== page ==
Facts About Red Devil Cichlids


Colors

Red Devil cichlids come in a wide variety of colors, depending on the region from which they originate. These color varieties include yellow, orange, blood-red and even, on rare occasions, white. Those Red Devils bought and sold in the pet trade are usually a gradient between peach and yellow, featuring a pale belly and orange-red eyes.

Diet

Red Devil cichlids prefer to consume animal matter, whether freeze-dried, frozen, freshly prepared or live. That said, Red Devil cichlids will do just fine primarily subsisting on a diet of specialty pellets or tropical flakes. Treats can include bloodworms, glass worms and mature brine shrimp. In turn, Red Devils benefit from supplements that contain a highly nutritious variety of algae known as spirulina.

Social Behavior

Like most cichlids, Red Devils are aggressive, violent, often excitable fish. Aquarists interested in keeping Red Devils should realize that passive, relatively defenseless fish (or, really, anything that can fit inside the open gape of the Red Devil's mouth) are in danger of being eaten. Red Devils are least troublesome when living among other larger cichlids, especially those with shared Central and South American origins.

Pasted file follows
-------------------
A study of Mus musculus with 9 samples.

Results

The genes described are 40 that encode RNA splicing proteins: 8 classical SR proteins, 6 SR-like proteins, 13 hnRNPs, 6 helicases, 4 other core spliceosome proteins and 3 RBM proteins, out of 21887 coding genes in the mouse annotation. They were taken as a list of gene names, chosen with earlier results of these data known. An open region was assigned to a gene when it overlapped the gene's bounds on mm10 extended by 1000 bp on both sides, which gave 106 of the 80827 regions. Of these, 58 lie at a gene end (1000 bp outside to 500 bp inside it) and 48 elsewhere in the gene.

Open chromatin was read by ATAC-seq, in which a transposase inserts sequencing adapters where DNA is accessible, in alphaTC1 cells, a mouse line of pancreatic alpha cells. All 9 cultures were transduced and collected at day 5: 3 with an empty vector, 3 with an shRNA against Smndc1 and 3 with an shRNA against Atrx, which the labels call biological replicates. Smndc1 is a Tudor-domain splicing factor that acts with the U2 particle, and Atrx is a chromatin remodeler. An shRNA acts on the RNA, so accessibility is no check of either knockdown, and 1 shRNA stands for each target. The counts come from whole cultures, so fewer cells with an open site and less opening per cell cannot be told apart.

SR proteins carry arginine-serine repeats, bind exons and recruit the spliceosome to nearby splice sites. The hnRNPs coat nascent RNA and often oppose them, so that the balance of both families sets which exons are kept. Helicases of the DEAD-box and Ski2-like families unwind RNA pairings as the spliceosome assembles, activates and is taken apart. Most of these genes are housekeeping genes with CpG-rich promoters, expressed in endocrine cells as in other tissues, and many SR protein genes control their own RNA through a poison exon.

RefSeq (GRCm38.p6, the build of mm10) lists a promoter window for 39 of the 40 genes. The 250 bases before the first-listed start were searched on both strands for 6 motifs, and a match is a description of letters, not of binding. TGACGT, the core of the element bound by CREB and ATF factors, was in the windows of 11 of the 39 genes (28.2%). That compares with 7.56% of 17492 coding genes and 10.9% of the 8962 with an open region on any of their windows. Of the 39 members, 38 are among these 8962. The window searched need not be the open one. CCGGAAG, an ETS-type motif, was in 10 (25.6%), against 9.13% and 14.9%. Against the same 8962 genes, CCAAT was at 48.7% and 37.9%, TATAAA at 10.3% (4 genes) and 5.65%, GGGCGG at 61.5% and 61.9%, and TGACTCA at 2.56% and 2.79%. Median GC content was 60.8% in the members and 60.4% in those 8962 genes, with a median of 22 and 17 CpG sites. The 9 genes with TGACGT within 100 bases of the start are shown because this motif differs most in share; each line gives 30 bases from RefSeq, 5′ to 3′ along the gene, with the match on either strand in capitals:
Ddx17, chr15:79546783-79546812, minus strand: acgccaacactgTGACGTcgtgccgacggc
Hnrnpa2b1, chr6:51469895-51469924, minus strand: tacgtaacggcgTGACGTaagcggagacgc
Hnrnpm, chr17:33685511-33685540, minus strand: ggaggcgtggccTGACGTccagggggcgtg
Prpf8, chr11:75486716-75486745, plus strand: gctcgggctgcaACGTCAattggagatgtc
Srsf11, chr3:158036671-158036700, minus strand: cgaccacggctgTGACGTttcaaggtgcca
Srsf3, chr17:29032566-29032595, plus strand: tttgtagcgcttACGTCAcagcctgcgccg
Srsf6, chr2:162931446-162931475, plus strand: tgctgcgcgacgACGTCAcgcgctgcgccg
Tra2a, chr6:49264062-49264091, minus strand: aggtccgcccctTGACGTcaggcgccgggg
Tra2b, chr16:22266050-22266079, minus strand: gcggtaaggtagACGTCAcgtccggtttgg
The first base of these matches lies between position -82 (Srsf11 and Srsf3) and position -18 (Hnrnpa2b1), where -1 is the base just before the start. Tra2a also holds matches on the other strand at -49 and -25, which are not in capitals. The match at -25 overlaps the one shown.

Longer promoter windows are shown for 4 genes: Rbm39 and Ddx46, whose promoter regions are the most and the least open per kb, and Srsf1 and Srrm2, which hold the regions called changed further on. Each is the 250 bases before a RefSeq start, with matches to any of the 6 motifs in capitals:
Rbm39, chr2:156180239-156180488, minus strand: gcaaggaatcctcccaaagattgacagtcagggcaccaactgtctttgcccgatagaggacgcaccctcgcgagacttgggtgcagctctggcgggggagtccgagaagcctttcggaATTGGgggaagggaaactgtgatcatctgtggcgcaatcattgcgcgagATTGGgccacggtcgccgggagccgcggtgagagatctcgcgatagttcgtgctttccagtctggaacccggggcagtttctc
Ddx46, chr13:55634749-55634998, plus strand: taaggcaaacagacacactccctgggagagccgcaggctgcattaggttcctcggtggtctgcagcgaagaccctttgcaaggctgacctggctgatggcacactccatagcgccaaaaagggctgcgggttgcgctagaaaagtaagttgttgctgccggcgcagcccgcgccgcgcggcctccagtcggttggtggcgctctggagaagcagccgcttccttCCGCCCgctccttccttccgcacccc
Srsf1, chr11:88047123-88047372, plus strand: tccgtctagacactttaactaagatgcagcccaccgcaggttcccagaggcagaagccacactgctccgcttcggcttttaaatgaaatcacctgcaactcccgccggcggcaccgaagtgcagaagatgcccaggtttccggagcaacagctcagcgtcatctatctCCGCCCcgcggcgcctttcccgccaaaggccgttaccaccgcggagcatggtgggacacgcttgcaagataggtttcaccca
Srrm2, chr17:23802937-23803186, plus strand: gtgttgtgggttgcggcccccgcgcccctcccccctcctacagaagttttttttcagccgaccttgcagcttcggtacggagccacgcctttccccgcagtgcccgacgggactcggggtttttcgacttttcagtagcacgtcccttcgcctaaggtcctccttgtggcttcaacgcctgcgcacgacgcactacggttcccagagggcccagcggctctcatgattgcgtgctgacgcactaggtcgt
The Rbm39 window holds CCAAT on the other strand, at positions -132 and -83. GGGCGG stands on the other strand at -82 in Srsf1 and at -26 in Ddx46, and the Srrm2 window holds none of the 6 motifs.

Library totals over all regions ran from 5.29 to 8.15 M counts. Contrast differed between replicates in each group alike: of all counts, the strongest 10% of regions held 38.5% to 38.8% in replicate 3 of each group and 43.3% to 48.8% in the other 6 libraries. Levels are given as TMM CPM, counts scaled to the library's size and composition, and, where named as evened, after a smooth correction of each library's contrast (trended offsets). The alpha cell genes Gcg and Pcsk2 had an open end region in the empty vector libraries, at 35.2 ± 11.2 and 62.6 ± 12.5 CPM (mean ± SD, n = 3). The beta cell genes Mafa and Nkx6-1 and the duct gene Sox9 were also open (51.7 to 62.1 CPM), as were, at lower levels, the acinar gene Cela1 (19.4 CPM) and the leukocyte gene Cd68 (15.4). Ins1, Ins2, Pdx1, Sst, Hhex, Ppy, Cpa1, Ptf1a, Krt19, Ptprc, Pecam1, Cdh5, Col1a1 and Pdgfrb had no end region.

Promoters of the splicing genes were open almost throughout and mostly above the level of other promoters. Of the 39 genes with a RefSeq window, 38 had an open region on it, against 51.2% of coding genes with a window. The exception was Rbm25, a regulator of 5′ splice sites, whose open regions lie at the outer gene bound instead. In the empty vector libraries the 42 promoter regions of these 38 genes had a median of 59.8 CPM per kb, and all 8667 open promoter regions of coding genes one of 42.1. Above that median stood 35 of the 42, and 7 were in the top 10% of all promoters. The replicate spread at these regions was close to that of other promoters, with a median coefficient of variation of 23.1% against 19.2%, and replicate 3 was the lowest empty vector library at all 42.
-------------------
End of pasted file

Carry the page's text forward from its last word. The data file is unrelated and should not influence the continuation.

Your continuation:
Aquaculture

Those aquarists looking to keep the interior design of their tanks lush and tidy might not appreciate the digging habits of Red Devil cichlids. These fish are notorious for uprooting plants, which is why live plantlife is not recommended for the aquariums in which these cichlids live. Red Devils, in turn, require adequate shelter and hiding spots -- stacked stones, rocks with cavernous spaces, and even artificial root clusters.


Ruth Nix began her career teaching a variety of writing classes at the University of Florida. She also worked as a columnist and editorial fellow for "Esquire" magazine. In 2012, Nix was featured in the annual "Best New Poets" anthology and received the Calvin A. VanderWerf Award for excellence in teaching from the University of Florida.